From its beginnings, Belgrade was a multi-confessional city, due to its the location at crossroads or major trade routs and the borders of major empires, from the Romans to the Habsburgs. Although the city’s location brought diversity and rich history, it often proved disastrous. The city was burnt to ashes many times by defenders and conquerors alike, and its citizens were too often forced to leave it and abandon their shrines to be crushed by the unforgiving wheel of time or ignorance, which seems to weigh a bit heavier in this part of Europe.
This means that it is always a pleasure to hear about some of the old relics surviving many catastrophes that befell the city in the past two millennia. One of them, of which I only heard recently, has been protecting the city for almost exactly 300 years, when it arrived from Passau in 1718, a year after Belgrade was conquered by Eugene of Savoy. Based on Luis Carnach’s 16th century Mary Help of Christians or “Mariahilf” (very appropriate given the context), which now hangs in Innsburck, the baroque altar painting shows Mary holding little Christ and is decorated by two golden crowns. It was given to the Jesuits of Belgrade who returned to the city with the victorious Habsburg army and founded a largish community in Dorćol, close to the quarters of Dubrovnik merchants, Belgrade’s largest catholic contingent at the time. The choice of the altar painting was also appropriate given that ever since the times of Prince Stefan Lazarević, in XV century, Belgrade celebrated the Virgin as its patron.
In 1724, the Jesuits of re-opened a highschool (gymnasium), which they previously maintained in the city during its Ottoman renaissance, between 1613 and 1632. The school was apparently very well renowned, with philosophy, poetry and rhetoric being taught to about 80 boys from Belgrade families of all faiths.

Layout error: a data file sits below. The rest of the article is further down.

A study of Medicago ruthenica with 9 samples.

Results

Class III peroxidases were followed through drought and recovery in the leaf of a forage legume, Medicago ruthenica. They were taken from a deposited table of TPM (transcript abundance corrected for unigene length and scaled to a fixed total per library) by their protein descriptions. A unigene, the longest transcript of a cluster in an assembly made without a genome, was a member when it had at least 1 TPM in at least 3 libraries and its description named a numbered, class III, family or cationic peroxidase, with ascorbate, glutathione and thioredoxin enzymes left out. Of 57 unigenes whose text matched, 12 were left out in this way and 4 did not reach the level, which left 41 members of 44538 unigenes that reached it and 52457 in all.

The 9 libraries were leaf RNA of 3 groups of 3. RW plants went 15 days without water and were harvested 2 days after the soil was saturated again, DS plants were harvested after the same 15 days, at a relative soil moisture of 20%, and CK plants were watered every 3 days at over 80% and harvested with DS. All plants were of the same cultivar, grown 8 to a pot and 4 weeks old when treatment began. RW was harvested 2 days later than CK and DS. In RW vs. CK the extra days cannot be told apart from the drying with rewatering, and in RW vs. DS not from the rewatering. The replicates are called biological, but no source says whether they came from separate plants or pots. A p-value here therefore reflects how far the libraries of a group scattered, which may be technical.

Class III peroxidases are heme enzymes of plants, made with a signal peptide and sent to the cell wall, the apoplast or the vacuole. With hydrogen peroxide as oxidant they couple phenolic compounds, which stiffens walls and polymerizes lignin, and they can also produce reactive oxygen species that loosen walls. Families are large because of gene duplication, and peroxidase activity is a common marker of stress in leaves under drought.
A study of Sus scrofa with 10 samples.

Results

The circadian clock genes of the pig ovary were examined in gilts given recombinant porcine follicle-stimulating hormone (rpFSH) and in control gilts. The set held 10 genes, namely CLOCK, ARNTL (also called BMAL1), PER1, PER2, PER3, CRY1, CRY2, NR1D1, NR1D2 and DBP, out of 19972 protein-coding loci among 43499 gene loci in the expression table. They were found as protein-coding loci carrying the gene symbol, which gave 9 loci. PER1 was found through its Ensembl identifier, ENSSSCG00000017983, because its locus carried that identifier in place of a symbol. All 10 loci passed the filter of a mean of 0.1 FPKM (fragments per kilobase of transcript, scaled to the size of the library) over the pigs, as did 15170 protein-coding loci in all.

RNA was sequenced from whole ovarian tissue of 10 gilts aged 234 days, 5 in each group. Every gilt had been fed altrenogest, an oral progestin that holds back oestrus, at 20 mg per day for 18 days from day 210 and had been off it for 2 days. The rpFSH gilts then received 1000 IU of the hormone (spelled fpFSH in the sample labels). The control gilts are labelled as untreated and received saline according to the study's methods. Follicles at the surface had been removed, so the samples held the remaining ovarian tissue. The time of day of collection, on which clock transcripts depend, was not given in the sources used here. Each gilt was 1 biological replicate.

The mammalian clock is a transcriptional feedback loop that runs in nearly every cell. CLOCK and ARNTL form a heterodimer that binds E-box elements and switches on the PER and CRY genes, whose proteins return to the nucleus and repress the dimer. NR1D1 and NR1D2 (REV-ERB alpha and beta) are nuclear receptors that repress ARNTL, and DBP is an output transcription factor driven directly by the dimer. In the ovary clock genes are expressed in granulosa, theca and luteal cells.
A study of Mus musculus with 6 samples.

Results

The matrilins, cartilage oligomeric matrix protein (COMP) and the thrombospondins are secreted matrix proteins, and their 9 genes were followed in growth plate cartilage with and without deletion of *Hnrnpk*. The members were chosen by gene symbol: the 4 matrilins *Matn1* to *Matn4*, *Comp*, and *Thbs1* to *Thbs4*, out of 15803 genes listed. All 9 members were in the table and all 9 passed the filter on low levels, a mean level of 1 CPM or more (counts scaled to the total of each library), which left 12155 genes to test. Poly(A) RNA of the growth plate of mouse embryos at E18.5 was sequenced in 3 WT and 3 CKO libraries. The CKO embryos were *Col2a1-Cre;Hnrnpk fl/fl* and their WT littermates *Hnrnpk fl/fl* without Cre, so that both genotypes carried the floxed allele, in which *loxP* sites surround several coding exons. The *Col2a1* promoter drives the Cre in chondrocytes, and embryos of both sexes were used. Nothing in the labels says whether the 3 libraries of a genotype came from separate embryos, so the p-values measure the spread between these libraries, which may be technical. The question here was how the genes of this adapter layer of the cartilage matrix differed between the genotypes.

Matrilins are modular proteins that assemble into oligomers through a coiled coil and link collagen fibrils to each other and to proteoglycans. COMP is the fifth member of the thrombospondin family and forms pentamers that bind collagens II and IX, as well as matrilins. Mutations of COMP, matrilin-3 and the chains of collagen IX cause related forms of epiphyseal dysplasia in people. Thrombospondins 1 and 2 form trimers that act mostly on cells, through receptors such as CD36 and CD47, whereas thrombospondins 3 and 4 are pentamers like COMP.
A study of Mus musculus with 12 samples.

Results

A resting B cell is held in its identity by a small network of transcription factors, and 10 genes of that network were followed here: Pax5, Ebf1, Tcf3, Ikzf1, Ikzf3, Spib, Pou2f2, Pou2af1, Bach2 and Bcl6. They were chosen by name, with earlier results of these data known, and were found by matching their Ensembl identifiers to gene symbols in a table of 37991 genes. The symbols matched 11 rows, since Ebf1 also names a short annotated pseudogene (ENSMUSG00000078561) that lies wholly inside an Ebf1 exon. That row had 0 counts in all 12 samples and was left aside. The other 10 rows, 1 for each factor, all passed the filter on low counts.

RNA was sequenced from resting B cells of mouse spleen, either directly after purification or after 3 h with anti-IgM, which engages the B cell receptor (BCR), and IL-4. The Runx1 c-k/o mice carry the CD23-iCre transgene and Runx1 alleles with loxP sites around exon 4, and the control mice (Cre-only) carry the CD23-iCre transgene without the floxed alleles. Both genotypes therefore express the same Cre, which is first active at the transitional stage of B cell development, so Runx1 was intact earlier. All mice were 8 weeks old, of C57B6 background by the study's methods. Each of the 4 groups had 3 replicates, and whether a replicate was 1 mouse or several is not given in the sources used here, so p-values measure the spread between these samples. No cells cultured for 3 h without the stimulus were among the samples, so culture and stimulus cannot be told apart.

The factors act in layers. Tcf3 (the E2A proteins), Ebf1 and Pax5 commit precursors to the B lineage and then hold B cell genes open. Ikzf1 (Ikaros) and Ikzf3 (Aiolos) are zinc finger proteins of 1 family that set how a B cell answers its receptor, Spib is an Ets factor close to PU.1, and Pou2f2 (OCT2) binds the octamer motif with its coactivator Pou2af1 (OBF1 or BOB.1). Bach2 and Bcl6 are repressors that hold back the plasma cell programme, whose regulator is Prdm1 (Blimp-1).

In 1732 the Jesuits built a church dedicated to Virgin Mary, to serve a larger more established congregation and moved the “Virgin of Belgrade” there. It was located at the intersection of Dušanova and Dubrovačka streets, at the site where a school currently stands. Unfortunately the “Virgin of Belgrade” did not stay long at its new home. In 1735, a plague killed many Jesuits in the city, and in 1739 those who remained fled in front of the invading Ottoman force. They took everything they could get their hands on from the church, including the Virgin, and set fire to their church and school.
For almost two centuries, the “Virgin of Belgrade” was kept safe in Tekije sanctuary near Petrovaradin. Actually it is during its exile that it became known under its current name, and where it was visited by many from Belgrade pilgrims of all faiths.
It returned to its home city in 1934, upon completion of the Jesuit church of St Peter in Makedonska street. The church was designed by Zagreb architect Juraj Denzler and was built behind a handsome house initially built in 1845 for Jovan Stejić, a physician. Again, “Virgin of Belgrade” was part of a booming Catholic community, and again the trouble was not too far.
During the first Nazi air-raid on Belgrade, on 6 April 1941, two bombs fell on the church. One of them completely destroyed the sacristy, and the other one fell on the church roof and burnt it, but almost miraculously, Belgrade’s Bavarian protectress survived. The church was soon rebuilt and expanded over the coming decades. The “Virgin of Belgrade” received new golden crowns 1959 and a new frame in 1960.
Despite its turbulent history and doubtless artistic beauty, the painting is not widely known, even in the city and can be admired at its glory only before the daily mass.